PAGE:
Burtonsville Crossing reaches out to county for help
Mall asks for possible rezonings and financial incentives
The struggling Burtonsville Crossing shopping center has reached out to the county to help it stay afloat now that it has lost its anchor store to a new development across the street. But county officials say the center needs to find a new anchor before it can consider offering a financial incentive.
The Giant food store, the anchor tenant at Burtonsville Crossing, is slated to move to Burtonsville Town Square in the next few months. Both shopping centers are at the intersection of routes 29 and 198 in Burtonsville, and several tenants at the older mall did not renew their leases when they heard the news about Giant moving.
"This change [of Giant leaving] will be the culminating event that has effectively handicapped the property for the last several months," said a letter from Edens & Avant, which owns Burtonsville Crossing. "... Needless to say, we are now in a dire situation."
In the Aug. 4 letter, which was sent to County Executive Isiah Leggett, Edens & Avant said it has already tried to fill the void left by Giant with everything from Target and Kohl's to movie theaters with no luck so far. The primary interest has been from other grocers, such as Harris Teeter, but Giant will not allow another grocer to compete with its new store across the street, the letter said. Giant used to own Burtonsville Crossing and maintains the right to block another grocer from leasing the spot, even after it leaves.
Representatives from Edens & Avant will meet with Leggett in early October to discuss plans for the shopping center along with Joy Nurmi, director of the Eastern County Regional Services Center; County Councilwoman Nancy Navarro, (D-Dist. 4); and Steve Silverman, director of the county's Department of Economic Development.
Although the letter from Edens & Avant also broaches the possibility of the county offering a financial incentive to lure a new anchor tenant to fill the 55,000-square-foot vacancy when Giant leaves, it has not presented the county with definitive plans for an anchor store that will replace Giant, Silverman said. The county will not discuss providing financial incentives until Edens & Avant secures that anchor, he said.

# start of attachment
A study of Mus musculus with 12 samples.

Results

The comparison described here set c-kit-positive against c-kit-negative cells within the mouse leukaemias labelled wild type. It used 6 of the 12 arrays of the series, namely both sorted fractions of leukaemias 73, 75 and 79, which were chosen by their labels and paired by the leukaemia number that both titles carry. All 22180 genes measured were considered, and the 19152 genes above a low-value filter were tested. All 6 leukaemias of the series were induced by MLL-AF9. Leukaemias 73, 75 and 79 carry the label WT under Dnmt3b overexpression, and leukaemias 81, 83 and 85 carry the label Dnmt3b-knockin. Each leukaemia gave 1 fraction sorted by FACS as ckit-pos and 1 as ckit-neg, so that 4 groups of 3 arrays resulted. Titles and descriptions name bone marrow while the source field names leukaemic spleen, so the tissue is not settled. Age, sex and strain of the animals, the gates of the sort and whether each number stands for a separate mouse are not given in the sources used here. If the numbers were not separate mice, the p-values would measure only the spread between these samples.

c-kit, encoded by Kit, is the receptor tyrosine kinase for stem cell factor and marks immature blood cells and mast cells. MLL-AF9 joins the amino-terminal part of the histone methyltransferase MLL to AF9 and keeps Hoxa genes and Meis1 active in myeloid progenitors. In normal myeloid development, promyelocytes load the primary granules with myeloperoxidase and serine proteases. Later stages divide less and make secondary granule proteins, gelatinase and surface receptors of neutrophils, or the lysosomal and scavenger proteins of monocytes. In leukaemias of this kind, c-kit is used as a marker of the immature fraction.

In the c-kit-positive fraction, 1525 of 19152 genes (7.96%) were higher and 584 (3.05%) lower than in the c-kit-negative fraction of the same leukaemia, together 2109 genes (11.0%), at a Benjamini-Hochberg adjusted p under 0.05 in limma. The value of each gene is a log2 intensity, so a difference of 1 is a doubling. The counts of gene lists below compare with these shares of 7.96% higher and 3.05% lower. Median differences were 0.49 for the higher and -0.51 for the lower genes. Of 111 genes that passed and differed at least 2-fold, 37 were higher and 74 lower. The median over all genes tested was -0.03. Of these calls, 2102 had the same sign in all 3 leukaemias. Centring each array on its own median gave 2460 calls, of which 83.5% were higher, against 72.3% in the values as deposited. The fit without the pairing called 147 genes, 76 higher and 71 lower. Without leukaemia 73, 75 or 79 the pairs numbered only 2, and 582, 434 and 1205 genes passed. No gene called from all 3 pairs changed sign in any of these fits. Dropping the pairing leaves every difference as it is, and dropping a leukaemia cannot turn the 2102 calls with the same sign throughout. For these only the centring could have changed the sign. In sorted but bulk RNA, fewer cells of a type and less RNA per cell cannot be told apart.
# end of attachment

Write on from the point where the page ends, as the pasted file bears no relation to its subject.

"I think they're saying it may require financial incentives, and we're saying we'll be glad to discuss that as soon as you have a live tenant so you can evaluate it," Silverman said.
Businesses at Burtonsville Crossing already took a hit after the state realigned Route 29 in 2004, inadvertently redirecting traffic away from the front of the property. While still trying to recover from this change, Edens & Avant learned that the county approved the Burtonsville Town Square site, the letter said.
In 2008, four tenants broke their leases and two other tenants, Mattress Discounters and Dollar Buys, both filed for bankruptcy, the letter said.
After Giant leaves, more than two-thirds of the 129,726-square-foot shopping center will be empty, according to the letter.
Burtonsville Crossing's convenience commercial zoning prevents department stores and intense usage buildings (such as daycares and auto shops) from renting space. Should Edens & Avant secure a business not now allowed in a convenience commercial zone as an anchor, the county may look into rezoning possibilities.
"If it turns out that there's a department store of some kind or some other entity that would be an anchor, and it's not permitted under the zone, the council and the county executive would have to look at zoning options," Silverman said. "Otherwise, you have a big, vacant space."
Susan Scala-Demby, zoning manager for the Montgomery County Department of Permitting Services, said to change property zoning, one must prove an error in the original zoning or find a reason for new zoning in the master plan.
"You have to find some error that's been done in the zoningthat somebody left a portion as one zone when it should have been another when it was originally zoned," Scala-Demby said. "If there was an error or if it's recommended in a master plan, that's pretty much the time you can get it changed."
Edens & Avant offered no comment regarding the letter.